The old song and dance could use a new tune.

by Mark D. Johnson
April 4, 2003

"I'll tell you the first thing I'm going to do, and that is to begin work on a new musical. Right away. First thing tomorrow." – Miramax producer Harvey Weinstein, quoted in The New York Times after Chicago took home the Best Picture Oscar®.
After all these years of neglect, the movie musical is purportedly making a comeback. At least, that’s the buzz in Hollywood based on a pair of recent hits: Chicago, the 2002 Best Picture winner, and Moulin Rouge, nominated for the 2001 Award for Best Picture. The last musical to win that category was 1968’s Oliver!. There have been occasional attempts to resuscitate the genre over the years, and Disney has kept the faith through a string of animated features (which don’t really count as musicals), but not until Chicago’s success did Tinsel Town start thinking “it’s back.” Unknown, however, is whether audiences really want more musicals, and if they do, what kind do they want?

As much as I would like the musical to come back strong, it is premature to say that the musical has returned because Chicago and Moulin Rouge are atypical examples of the genre. The highly entertaining Chicago is, of course, a traditional musical, based on the 1975 Broadway version, but the film owes much more to the stage than its origin. The story revolves around showbiz and stage performance, which provides natural segues from drama to music, and from reality to fantasy. The flow from dialogue to song is seamless under Rob Marshall's clever direction, and the cynical themes fall in line with today’s cultural attitudes. It remains to be seen whether today's audiences will accept the innate corniness of characters bursting into song in a non-theatrical setting, where musicals flourished in days of yore, like on New York’s West Side, the hills of Austria, and the Russian farmland.

Director Baz Luhrman's extremely imaginative Moulin Rouge is a sophisticated musical that should, in some ways, be considered the foundation of the genre's future. There are some stage scenes here as well, but this is clearly not a redundant adaptation of a Broadway production. This is a musical exclusive to film. Unfortunately, all of the songs were pre-existing pop songs not original to the film, which may have been part of its appeal. Fresh story, familiar songs, a popular actress in the leading role... in that sense, Rouge’s success is not that surprising. Then again, by my unofficial reckoning, for every person who absolutely loved it, there were two who absolutely hated it.

The one idea no one seems willing to try is a film musical with original songs and an original story with no ties to Broadway. The main problem here is that musical composers are a rare breed these days. The most recent stage musical composer of note was the formerly prolific Andrew Lloyd Webber, who hasn't had a hit in years, and no one has taken up the slack. Instead, Broadway producers now rely on revivals like Oklahoma and Cabaret since mega-musicals like Les Miserables, Miss Saigon, and Webber's shows have seemingly become a thing of the past. A handful of modest off-Broadway efforts lack the mass adult appeal that attracted audiences during the musical's heyday. The theatre could also find inspiration from Luhrmann, who recently directed his vision of Puccini’s La Boheme on Broadway to rave reviews.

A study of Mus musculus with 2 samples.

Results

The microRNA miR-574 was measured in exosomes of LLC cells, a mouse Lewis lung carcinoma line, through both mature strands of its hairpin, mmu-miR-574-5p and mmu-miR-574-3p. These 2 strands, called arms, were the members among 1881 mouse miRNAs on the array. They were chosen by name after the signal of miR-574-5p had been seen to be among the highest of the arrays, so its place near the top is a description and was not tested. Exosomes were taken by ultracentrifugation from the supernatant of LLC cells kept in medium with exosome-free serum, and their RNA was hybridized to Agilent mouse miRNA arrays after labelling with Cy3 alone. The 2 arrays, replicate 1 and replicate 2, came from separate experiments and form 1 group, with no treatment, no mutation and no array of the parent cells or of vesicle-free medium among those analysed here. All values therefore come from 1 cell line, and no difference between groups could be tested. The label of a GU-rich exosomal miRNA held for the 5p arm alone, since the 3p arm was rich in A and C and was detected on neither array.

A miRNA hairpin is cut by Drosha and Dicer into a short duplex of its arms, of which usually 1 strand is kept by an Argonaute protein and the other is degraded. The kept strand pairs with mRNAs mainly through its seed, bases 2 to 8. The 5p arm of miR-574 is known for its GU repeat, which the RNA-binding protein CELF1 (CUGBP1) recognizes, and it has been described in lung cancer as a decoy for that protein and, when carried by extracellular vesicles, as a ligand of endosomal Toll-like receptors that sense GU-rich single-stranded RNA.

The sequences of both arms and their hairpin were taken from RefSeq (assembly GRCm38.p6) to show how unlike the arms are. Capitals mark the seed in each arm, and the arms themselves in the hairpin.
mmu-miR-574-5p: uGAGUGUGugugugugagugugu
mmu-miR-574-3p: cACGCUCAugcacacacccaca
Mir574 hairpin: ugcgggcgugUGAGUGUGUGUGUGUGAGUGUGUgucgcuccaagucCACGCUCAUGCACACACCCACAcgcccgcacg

Also in question is the depth of talent in Hollywood’s singing and dancing department. There will be heavy demand in Hollywood for vocal and dance coaches in the months ahead. Actors already in the known small pool of talented singers and dancers may avoid musical work for fear of typecasting, while talented unknowns may suddenly find themselves in the limelight. That's not necessarily bad, but it could present a problem for studio marketing departments.

If Hollywood simply remakes old musicals or adapts Broadway shows, the trend will be short-lived. The film musical must evolve for long-term survival. Unfortunately, upcoming projects lean heavily on prior success stories. Chicago producers Craig Zadan and Neil Meron, who also recently produced a remake of The Music Man for television, will soon be producing a remake of Guys and Dolls and turn the 1984 movie Footloose into a full-fledged big screen musical. They were also behind a 1999 television remake of Annie. Director Joel Schumacher will soon bring Webber’s Phantom of the Opera to the big screen after more than a decade of delay. Also being considered is a movie version of Stephen Sondheim’s 1979 musical Sweeney Todd.

Rather than giving the movie musical art form a promising future, studios are seeking no more than to temporarily provide echoes of a glorious past. Perhaps as audiences become reacquainted with old-school musicals they will learn once again how to suspend their disbelief. Until that day, we can scarcely believe the new musical revival is more than a mere fad. Enjoy it again for the first time.